Brain-scale computation: One can explore brain-scale computation in larval zebrafish by imaging nearly all its neurons at cellular resolution. We are collaborating with several zebrafish labs to build realistic neural circuit models of sensorimotor transformations underlying ethological behaviors. We use these experimental and modeling results to ground our thinking about principles that might govern the large-scale organization of the brain.

Dynamics of hippocampal memory: Modern imaging techniques reveal that memory circuits are dynamic at the synaptic, neuronal, and network levels. We are interested in understanding how the dynamics of memory emerge from multiscale dynamics of brain circuitry. We are currently investigating how plasticity and learning in the hippocampus and neocortex determine the nature and time course of long-term memory.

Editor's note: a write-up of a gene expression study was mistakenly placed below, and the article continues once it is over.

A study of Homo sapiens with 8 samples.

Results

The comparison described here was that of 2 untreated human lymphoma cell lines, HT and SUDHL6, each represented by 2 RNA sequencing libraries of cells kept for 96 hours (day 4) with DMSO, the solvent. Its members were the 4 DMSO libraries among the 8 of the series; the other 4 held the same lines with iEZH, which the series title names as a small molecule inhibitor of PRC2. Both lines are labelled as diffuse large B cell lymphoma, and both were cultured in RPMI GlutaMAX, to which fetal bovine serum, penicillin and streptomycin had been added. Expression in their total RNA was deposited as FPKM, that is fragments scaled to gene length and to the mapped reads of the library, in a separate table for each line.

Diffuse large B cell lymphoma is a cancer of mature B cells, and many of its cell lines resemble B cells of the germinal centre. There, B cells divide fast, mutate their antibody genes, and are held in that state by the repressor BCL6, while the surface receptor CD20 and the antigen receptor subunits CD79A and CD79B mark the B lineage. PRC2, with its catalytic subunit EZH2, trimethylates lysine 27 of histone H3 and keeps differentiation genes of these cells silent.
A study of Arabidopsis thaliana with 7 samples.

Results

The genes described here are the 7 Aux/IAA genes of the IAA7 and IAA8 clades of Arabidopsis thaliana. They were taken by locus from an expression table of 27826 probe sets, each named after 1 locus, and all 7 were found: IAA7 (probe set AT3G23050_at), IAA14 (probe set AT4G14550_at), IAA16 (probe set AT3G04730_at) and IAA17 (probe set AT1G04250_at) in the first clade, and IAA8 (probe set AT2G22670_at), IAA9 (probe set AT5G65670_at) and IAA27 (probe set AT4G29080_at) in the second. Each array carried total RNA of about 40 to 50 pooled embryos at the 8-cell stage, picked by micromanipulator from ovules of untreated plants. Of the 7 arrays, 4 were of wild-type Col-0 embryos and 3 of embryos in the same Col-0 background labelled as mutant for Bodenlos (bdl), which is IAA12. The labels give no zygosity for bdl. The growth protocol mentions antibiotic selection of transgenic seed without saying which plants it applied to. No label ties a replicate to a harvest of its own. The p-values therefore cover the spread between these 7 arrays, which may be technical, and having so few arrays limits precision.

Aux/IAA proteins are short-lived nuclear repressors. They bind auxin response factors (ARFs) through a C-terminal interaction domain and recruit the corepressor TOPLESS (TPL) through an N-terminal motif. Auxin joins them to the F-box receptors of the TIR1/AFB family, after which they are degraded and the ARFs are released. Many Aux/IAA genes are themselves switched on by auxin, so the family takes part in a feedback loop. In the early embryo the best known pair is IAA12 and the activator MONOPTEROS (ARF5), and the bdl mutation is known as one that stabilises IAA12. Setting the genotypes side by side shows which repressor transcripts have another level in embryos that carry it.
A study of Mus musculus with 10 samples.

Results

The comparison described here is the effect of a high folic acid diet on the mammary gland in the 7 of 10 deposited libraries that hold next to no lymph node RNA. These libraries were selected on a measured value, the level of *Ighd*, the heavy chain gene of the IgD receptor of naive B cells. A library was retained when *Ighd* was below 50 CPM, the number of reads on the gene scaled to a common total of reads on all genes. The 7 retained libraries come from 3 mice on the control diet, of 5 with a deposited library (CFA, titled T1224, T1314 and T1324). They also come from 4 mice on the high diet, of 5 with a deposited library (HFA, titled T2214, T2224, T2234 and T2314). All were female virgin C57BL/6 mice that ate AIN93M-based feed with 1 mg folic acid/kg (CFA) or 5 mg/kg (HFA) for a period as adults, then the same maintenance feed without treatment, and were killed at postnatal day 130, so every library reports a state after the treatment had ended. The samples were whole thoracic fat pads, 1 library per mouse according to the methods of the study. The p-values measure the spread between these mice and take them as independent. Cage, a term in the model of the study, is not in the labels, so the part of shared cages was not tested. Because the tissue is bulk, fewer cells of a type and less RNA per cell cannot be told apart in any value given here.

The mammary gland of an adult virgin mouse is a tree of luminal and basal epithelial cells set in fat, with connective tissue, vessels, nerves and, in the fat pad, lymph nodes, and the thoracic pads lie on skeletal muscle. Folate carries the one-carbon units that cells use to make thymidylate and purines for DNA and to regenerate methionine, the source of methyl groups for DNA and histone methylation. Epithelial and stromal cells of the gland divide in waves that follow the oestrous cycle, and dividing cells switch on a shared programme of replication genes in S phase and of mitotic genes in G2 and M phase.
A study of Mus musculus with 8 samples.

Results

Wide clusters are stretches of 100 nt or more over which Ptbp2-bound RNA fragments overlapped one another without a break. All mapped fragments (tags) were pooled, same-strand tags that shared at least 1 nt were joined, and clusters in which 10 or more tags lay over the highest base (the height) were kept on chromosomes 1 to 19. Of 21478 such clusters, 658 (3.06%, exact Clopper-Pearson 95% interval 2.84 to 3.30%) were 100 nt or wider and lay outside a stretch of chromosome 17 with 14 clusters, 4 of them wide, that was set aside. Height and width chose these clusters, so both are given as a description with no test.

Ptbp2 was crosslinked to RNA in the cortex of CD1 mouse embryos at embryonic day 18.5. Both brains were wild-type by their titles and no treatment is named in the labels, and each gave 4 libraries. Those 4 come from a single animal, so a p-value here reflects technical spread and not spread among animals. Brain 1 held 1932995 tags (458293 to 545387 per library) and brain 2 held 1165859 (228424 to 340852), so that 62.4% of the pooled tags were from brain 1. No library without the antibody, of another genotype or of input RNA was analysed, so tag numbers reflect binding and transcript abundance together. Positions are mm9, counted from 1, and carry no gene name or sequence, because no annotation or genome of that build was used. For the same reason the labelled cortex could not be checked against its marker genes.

Artificial neural networks: Neural network functions emerge from the activity of many interacting neurons. We are interested in uncovering mathematically rigorous links between structure, dynamics, representation, learning, and computation in artificial neural networks. These links can provide novel hypotheses for neuroscience research, and our theoretical understanding of neural networks informs our approach to biological circuits.

Visual computation in natural environments: Evolution selects for sensory systems that perform well in natural environments. We study how natural scene statistics affect the visual motion estimation strategies employed by flies, larval zebrafish, and humans. We take a comparative approach to gain general insights into how the mechanistic details of brain circuitry can embody and/or obscure fundamental computational principles.

Physical limits of measurements: Progress in neuroscience is often driven by technologies that enable new types of measurement, yet each technique can only be pushed so far. We are interested in quantifying how the fundamental laws of physics limit neurobiological measurements. These limits help clarify the proper interpretation of new data and define rigorous design criterion for future innovation.